By Lynn L. Bergeson
On March 6, 2018, a coalition of over 200 companies and trade associations sent a letter to the Agricultural Committee leaders in the House and Senate urging the reauthorization of and stable mandatory funding for the energy title programs in the next Farm Bill reauthorization. The letter states that the Farm Bill energy title programs have greatly assisted rural America in developing clean, renewable energy, biobased products, and making energy efficiency investments for more than 15 years with an incredibly modest, cost-effective investment. The less than one tenth of one percent of Farm Bill spending dedicated to the programs has allowed for ag-based entrepreneurs to launch initiatives to generate jobs and economic development in areas such as biogas and advanced biofuels, biopower, biobased products, renewable chemicals, and energy efficiency. Additionally, the letter provides recommendations for further improving the energy title programs. For example, the Biorefinery Assistance Program (BAP) could be opened fully to standalone renewable chemical companies; the Rural Energy for America Program (REAP) could be enhanced to support a fuller range of important, proven, market-ready technologies; and the Biomass Crop Assistance Program (BCAP) could be effective in continuing to support biomass energy development and sustainably address hazardous fuels reduction efforts in our nation’s forests.
By Lauren M. Graham, Ph.D.
On October 17, 2017, Congressman Jimmy Panetta (D-CA), Congressman Neal Dunn, M.D. (R-FL), and 77 additional House members sent a bipartisan letter to the U.S. Department of Agriculture (USDA), U.S. Food and Drug Administration (FDA), and U.S. Environmental Protection Agency (EPA) to urge the agencies to work together to promote innovative new technologies aimed at increasing crop yields and reducing the cost of production. According to Congressman Panetta, the letter was prepared in response to duplicative or inconsistent regulatory proposals regarding biotechnology. In the letter to Secretary Sonny Perdue, Commissioner Scott Gottlieb, and Administrator Scott Pruitt, the members highlighted several recent biotechnology regulatory efforts that warrant the Administration’s attention, as well as the importance of a consistent, science-based, risk-proportionate regulatory system. Members concluded by urging the agencies to cooperate in creating consistent regulatory proposals that foster innovation; to increase engagement with trading partners to promote a harmonized, science-based international regulatory system for agricultural products; and to consider ways to engage with the public to discuss the continued advancement of biotechnology in agriculture.
By Lauren M. Graham, Ph.D.
On October 12, 2017, the U.S. Food and Drug Administration (FDA) announced two public meetings regarding its Agricultural Biotechnology Education and Outreach Initiative. The meetings will be held in Charlotte, North Carolina, on November 7, 2017, from 8:00 a.m. to 1:00 p.m. (EST) and in San Francisco, California, on November 14, 2017, from 8:00 a.m. to 1:00 p.m. (PST). FDA states the purpose of the public meetings is “to provide the public with an opportunity to share information, experiences, and suggestions to help inform the development of this education and outreach initiative.” This initiative, which Congress appropriated $3 million to fund, calls upon FDA to work with USDA to provide education and outreach to the public on agricultural biotechnology and food and animal feed ingredients derived from biotechnology. More information on the initiative and information on how to register for the meetings is available on FDA’s website. Comments on questions listed in the Federal Register notice, scheduled to be published tomorrow, are also being requested and can be filed in Docket FDA-2017-N-5991 on www.regulations.gov. Comments are due by November 17, 2017.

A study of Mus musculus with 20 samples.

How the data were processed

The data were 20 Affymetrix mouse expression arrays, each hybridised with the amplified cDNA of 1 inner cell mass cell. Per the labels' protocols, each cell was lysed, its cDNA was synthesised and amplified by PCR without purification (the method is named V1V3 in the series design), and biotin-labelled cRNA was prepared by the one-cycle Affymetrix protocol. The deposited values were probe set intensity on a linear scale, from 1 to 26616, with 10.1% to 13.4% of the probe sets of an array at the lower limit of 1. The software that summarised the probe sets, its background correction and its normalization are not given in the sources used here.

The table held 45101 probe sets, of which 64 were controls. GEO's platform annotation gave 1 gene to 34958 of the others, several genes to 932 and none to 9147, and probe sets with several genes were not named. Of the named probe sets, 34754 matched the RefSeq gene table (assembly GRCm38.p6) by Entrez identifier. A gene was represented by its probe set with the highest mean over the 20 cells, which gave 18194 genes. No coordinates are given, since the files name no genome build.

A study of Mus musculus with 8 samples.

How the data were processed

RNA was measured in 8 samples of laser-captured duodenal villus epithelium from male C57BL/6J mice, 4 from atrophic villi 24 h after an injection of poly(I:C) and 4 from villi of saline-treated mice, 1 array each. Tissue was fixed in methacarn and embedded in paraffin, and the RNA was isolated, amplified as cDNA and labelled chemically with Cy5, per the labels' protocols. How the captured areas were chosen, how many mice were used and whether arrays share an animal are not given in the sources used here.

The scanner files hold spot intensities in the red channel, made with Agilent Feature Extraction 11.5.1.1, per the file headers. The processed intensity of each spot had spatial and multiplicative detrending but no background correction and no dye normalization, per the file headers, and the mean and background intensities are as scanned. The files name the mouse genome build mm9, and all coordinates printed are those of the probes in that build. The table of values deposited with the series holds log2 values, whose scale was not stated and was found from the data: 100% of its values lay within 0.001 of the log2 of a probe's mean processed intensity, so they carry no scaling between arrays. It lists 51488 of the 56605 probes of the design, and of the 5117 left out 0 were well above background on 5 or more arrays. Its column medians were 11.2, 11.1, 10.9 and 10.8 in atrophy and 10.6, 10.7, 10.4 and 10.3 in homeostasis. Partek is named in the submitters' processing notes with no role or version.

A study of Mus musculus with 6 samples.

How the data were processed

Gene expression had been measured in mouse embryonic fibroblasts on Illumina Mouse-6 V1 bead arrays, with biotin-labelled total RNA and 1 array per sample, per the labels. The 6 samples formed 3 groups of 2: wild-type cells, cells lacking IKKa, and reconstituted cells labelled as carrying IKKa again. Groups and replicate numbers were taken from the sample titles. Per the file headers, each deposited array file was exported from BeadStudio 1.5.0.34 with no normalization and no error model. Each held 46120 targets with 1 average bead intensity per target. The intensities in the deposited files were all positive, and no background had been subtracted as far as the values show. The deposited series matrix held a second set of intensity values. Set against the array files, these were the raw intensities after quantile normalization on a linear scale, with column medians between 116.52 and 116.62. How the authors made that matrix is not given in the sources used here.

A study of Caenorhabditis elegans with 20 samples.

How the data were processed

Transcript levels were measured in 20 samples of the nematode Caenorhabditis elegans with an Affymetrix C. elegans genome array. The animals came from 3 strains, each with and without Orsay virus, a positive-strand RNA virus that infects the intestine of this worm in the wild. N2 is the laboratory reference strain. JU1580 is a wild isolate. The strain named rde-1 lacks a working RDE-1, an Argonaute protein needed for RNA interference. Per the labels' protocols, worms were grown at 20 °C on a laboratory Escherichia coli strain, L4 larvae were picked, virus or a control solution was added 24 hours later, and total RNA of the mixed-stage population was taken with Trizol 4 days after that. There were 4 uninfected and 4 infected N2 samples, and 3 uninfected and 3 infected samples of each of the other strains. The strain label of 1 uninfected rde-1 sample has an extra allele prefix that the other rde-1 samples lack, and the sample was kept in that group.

On June 15, 2016, H.R. 5489, Agriculture Environmental Stewardship Act of 2016, was introduced to the House Ways and Means Committee on Science, Space, and Technology. The bill would add additional biogas applications to the list of technologies that qualify for the federal Section 45 energy investment tax credit, increasing acceptable biogas technologies from only biogas-based electricity projects to "qualified biogas property" defined as:
property comprising a system which--
(i) uses anaerobic digesters, or other biological, chemical, thermal, or mechanical processes (alone or in combination), to convert biomass (as defined in section 45K(c)(3)) into a gas which consists of not less than 52 percent methane, and
(ii) captures such gas for use as a fuel.
Qualified biogas properties, as well as qualified manure resource recovery properties, will be eligible for a 30 percent tax credit under this bill. H.R. 5489 was introduced with bipartisan support by Representatives Tom Reed (R-NY) and Ron Kind (D-WI), and signed by 12 other House members. A similar bill is expected to be introduced in the Senate,
On November 19, 2015, USDA published a Notice of the Advisory Committee on Biotechnology and 21st Century Agriculture (AC21) Meeting in the Federal Register. The meeting will review the purpose, history, operational process, and member responsibilities of AC21; update committee members on relevant regulatory developments, initiatives, and USDA activities; and outline new tasks for the committee to address. There will also be an opportunity for members of the public to make oral statements, as long as they contact Dr. Michael Schechtman about presenting a statement at least three business days before the meeting. The meeting will be held in Washington, D.C. on December 14 and 15, 2015, from 8:30 a.m. to 5:00 p.m. on both days.